Sunday, April 06, 2008

Cresent City - whose time has come...and gone?

We used to visit New Orleans occasionally, prior to Katrina, but have not been there for half-a-dozen years or more. To my mind, the place was always more hype than substance but, with the frequent parades, some questionably "great" restaurants and subtle hints of Cajun mystery with a dash of voodoo, it was no worse than any of the other gawker cities around the country.
That was then - this is now.
The Katrina flood seems to have permanently washed away any remnants of mystique and authenticity from the city, in addition to the dozens of neighborhoods which, too, are unlikely ever to be resuscitated. Along Interstate 10 to the east of town, a number of off ramps are closed by barriers and the closed roadways are overgrown with grass and weeds. The flora all along the highway doesn't do anything to dispel the air of dilapidation either. Many trees were snapped off by the winds and everything that is surviving has a sickly appearance, probably due to the inundation with sea water.

An enterprise that has appeared since the waters receded, is the French Quarter RV camp ground. This is an easy walk from "downtown" and yet provides believable security in a city seething with petty crime horror stories. The regular rates are about $60.00 per night but, in times like Mardi Gras or the Jazz Festival, watch out - rates go as high as $200.00 per night with a three night minimum!


Mark Folse said...

You must not visit too often, or you would know that those exits on the far eastern edge of town have been barricaded off almost since they opened.

It's hard to imagine this entire visit didn't occur entirely in your imagination, as most of the tourist infrastucture you talk about is back 100%.

Maybe you should try asking some locals about where to go and what to eat, and perhaps you would not be so disappointed. It sounds like you must have made the basic trip down Bourbon Street, which is like judging the entire state of Florida based on a trip spent entirely in Disneyworld.

New Orleans East was in fact terribly devestated and is very slow to come back. Many people out there did not carry flood insurance (just as people living at the foot of fifty foot levees in the midwest did not) because FEMA and their mortgage bankers (relying on FEMA flood maps produced with the Corps of Engineers) indicated they did not need such insurance. They thought they were protected.

New Orleans is struggling and will continue to struggle over the next decade as we continue to rebuild largely out of our own pockets, often frustrated rather than aided by government at any level: local, state or federal.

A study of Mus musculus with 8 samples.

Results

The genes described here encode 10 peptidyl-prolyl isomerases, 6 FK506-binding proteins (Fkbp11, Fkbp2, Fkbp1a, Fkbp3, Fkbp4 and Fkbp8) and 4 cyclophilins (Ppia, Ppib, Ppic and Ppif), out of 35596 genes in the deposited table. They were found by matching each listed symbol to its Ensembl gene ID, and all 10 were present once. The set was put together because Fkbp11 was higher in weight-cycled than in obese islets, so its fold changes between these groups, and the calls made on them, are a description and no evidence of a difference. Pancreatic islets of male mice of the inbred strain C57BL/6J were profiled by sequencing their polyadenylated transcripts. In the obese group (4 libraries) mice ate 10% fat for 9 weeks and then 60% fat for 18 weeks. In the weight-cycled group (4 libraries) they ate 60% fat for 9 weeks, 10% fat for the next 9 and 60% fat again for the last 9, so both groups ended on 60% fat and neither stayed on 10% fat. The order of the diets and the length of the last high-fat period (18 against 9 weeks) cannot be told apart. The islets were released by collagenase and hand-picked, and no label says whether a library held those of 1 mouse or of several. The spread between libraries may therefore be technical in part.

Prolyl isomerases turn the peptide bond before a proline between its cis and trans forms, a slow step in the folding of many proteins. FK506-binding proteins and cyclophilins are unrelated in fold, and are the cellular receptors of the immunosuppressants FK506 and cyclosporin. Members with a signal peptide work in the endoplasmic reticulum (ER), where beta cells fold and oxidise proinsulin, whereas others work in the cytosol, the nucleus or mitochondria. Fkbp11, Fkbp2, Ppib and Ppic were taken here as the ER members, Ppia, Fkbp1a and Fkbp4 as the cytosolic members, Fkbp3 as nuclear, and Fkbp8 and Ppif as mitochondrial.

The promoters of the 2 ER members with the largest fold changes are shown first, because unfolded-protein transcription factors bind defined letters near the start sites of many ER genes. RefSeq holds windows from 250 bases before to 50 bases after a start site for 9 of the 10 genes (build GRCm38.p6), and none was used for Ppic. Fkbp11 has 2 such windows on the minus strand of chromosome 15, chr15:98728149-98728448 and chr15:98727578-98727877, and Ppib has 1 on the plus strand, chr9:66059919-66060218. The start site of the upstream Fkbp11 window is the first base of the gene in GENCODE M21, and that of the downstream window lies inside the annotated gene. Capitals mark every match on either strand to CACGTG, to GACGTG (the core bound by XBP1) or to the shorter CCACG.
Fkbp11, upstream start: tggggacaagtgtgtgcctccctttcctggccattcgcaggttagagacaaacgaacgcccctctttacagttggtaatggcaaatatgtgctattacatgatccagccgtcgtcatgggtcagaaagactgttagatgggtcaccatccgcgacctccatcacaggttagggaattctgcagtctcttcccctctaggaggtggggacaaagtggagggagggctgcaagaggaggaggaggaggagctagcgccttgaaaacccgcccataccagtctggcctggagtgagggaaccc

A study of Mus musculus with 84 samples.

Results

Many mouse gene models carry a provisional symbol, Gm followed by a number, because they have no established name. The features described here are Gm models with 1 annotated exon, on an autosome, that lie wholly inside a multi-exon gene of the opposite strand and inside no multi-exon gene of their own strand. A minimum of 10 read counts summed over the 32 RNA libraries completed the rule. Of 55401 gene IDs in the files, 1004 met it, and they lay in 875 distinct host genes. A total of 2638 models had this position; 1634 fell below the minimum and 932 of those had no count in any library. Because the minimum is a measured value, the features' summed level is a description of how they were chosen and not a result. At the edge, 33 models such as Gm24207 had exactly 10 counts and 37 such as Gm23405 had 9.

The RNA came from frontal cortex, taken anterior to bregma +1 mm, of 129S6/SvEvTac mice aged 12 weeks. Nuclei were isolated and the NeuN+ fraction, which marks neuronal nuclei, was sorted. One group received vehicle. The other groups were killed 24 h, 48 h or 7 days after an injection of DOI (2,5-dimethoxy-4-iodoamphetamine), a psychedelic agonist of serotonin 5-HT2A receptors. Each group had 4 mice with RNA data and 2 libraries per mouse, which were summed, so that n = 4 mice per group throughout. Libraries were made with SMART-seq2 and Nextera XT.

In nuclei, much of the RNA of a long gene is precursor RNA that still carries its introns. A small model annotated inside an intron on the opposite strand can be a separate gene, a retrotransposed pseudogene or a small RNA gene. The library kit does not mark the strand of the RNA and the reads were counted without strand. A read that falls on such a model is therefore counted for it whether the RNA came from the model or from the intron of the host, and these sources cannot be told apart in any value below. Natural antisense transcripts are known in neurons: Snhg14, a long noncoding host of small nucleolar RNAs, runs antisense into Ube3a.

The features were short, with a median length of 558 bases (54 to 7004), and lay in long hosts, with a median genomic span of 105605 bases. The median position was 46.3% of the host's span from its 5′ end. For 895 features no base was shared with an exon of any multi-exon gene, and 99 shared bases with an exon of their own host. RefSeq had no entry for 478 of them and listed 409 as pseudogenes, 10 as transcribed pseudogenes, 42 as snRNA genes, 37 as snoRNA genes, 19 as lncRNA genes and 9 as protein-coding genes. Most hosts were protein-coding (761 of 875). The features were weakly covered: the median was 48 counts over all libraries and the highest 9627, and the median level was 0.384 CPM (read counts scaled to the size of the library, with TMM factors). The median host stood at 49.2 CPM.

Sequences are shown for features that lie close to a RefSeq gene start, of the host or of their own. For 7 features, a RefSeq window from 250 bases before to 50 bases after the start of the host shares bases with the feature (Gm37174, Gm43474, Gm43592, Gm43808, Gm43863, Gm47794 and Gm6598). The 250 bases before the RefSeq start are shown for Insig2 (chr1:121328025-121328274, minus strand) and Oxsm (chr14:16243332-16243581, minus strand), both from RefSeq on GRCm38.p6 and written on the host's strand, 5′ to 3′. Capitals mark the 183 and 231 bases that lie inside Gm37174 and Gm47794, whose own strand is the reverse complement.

In spite of that New Orleans remains a vibrant place, and much of what drew us home (and draws tourists here) continues to revive with the insistance of wildflowers on a fire ravaged landscape.

Sam Jasper said...

ditto what wetbankguy said.

BTW Crescent has a C in it.

Tim said...

It's a free country and you're entitled to your opinion, but I think you're wrong. Major sections of New Orleans are back to business. Conventions are lined up, incredible live music all over the place, and more restaurants are open today than before Katrina (and that's only counting real, sit-down restaurants, not taco trucks or franchise fast food outlets).

Did you get to see Frenchmen Street where Astral Project plays jazz at Snug Harbor, while next door at d.b.a. Gal Holiday sings authentic country, and across the street is VaVaVoom laying out french gypsy music at the Spotted Cat? Did you find your way to the Ogden Museum of Southern Art and then walk over to the National World War II Museum? Did you feast on pumpkin pancakes at the Blue Plate, then eat an authentic Creole lunch at Dooky Chase's, then surprise your significant other with supper in the exclusive table in the back of a pick-up truck at Jacques-Imo’s? Well then, I don't know what the heck you're writing about. Are you sure you visited MY New Orleans???



GentillyGirl said...

Y'all obviously didn't make to my New Orleans. Our little neighborhood is coming back quickly, but it's a long haul.

Our city is rebuilding in spite of the efforts of Big Money to take over our homeplace. New Orleans isn't Bourbon Street or the Quarter... this is the place and culture we wish to live in.

I have lived in many places in this country and abroad. This is my home, and before you make statements about my city, back it up with facts.

My heart and soul belongs to this Blessed Whore of a city,(That's what folks think of us) but we have a culture here.

Come back down and I'll show you the real New Orleans.